By Jessica Jensen, K-State Research and Extension news service
Manhattan, KS — What you eat, how much you move, how well you sleep and how you manage stress affects nearly every aspect of your well-being, including physical and mental health, said a pair of K-State family and consumer sciences experts.
K-State Research and Extension specialist Sharolyn Jackson and agent Lori Wuellner said the connection between the heart and brain shows that it can help lower the risk for stroke, dementia and other problems.
“In Kansas, 11.4% of people aged 45 and older have subjective cognitive decline (SCD), and other health issues come into play as 81% of those with SCD have at least one other chronic condition,” Jackson said.
Wuellner added, “Having poor mental health does not mean that you have a mental illness, but poor mental health can lead to mental illness.”
The Brain/Gut Connection
Wuellner listed nine research-based ways to help support digestive health and improve gut bacteria:
- Eat a diverse range of foods.
- Eat a lot of vegetables, fruits, beans and legumes.
- Eat fermented foods.
- Avoid artificial sweeteners.
- Eat prebiotic foods.
- For newborns, breastfeed at least six months.
- Eat whole grains.
- Consider more plant-based foods on your plate.
- Eat foods rich in polyphenols.
These foods will help gut health and could be good physically and mentally, according to Wuellner.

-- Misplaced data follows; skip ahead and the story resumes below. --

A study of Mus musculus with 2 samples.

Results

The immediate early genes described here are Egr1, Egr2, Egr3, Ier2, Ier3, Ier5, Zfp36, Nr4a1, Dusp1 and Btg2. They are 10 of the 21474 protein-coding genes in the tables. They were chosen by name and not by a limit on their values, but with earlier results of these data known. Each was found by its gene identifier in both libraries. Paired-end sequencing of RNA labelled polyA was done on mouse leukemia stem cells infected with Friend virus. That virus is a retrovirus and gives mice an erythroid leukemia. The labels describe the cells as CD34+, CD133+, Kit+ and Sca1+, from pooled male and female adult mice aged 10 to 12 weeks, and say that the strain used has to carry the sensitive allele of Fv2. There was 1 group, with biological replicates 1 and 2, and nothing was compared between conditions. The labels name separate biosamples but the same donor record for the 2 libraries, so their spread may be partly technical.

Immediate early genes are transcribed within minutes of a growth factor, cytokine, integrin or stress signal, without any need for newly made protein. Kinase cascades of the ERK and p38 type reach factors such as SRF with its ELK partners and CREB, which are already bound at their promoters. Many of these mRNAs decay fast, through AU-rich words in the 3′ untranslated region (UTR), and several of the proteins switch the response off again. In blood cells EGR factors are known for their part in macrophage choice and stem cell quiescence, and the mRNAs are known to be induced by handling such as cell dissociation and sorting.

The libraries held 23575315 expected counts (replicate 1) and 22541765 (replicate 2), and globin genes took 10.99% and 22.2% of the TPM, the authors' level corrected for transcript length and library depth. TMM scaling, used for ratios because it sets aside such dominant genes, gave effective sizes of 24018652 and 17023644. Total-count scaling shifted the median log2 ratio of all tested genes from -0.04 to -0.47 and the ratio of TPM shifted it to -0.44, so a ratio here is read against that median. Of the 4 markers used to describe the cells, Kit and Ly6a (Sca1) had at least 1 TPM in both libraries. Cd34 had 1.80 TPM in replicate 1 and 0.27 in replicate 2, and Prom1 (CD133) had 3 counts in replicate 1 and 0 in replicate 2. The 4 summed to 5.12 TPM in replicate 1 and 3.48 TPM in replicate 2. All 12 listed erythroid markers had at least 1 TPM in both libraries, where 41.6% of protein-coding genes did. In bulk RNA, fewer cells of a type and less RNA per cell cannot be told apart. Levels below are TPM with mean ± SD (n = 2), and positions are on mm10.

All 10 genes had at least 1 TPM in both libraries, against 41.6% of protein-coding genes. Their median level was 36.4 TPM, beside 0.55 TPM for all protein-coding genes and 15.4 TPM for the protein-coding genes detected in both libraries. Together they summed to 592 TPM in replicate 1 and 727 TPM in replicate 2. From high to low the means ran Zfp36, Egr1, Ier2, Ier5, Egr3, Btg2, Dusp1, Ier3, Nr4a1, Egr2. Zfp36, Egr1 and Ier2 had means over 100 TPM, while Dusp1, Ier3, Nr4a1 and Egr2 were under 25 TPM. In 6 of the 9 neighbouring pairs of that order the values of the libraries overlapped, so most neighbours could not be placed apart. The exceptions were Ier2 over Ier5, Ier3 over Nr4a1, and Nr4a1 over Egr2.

The MIND Eating Plan
The MIND diet is a hybrid between the Mediterranean and DASH diets and has 15 dietary components, including 10 “brain-healthy food groups.” Jackson urges people to eat:
- Green leafy vegetables (every day or at least six servings per week).
- Other vegetables (at least one serving/day).
- Nuts (every day or at least five times per week).
- Berries (at least two times a week).
- Beans (every other day or at least three servings per week).
- Whole grains (three servings per day).
- Fish (at least one serving per week).
- Poultry (at least two servings per week).
- Olive oil (use as main oil).
- Wine (no more than one serving per day).
She also includes foods to limit, including:
- Red meats (no more than three servings per week).
- Butter and stick margarine (less than one tablespoon per day).
- Cheese (less than one ounce per week).
- Sweets and sweetened beverages (no more than five servings per week).
- Fried and fast food (no more than one serving/meal per week).
“Exercise” Your Brain
“It has been stated, what is good for your heart is good for your brain, meaning your actions are either benefiting or harming your body, including your brain,” Jackson said.
In short, exercise helps the brain. “It is recommended that you include at least 150 minutes a week of moderate to vigorous activity,” Jackson said. “The more you can move throughout the day, the better off you will be.”
Manage Your Stress
Besides eating healthy and being active, managing stress is important. “Focus on what you can control, stick to routine as much as possible and connect with others and avoid isolation,” Jackson said.
“A small percentage of adults actually get the recommended eight hours (of sleep) that are needed,” Wuellner said. Some helpful tips are:
- Establish a routine.
- Take a look around your sleep environment.
- Don’t drink alcohol and caffeine right before bed.
- Avoid spicy or high in fat foods three hours before bed.
- Be physically active during the day.
- Listen to what your body is telling you.
Challenge Your Brain
Jackson urges people to engage in “a variety of cognitive excises that keep you thinking clearly for a longer period of time.” She mentions that a variety of cognitive activities and repetition can help keep the brain active.
“It may seem like a lot, but you can make small improvements every day to improve your brain and gut health,” she said.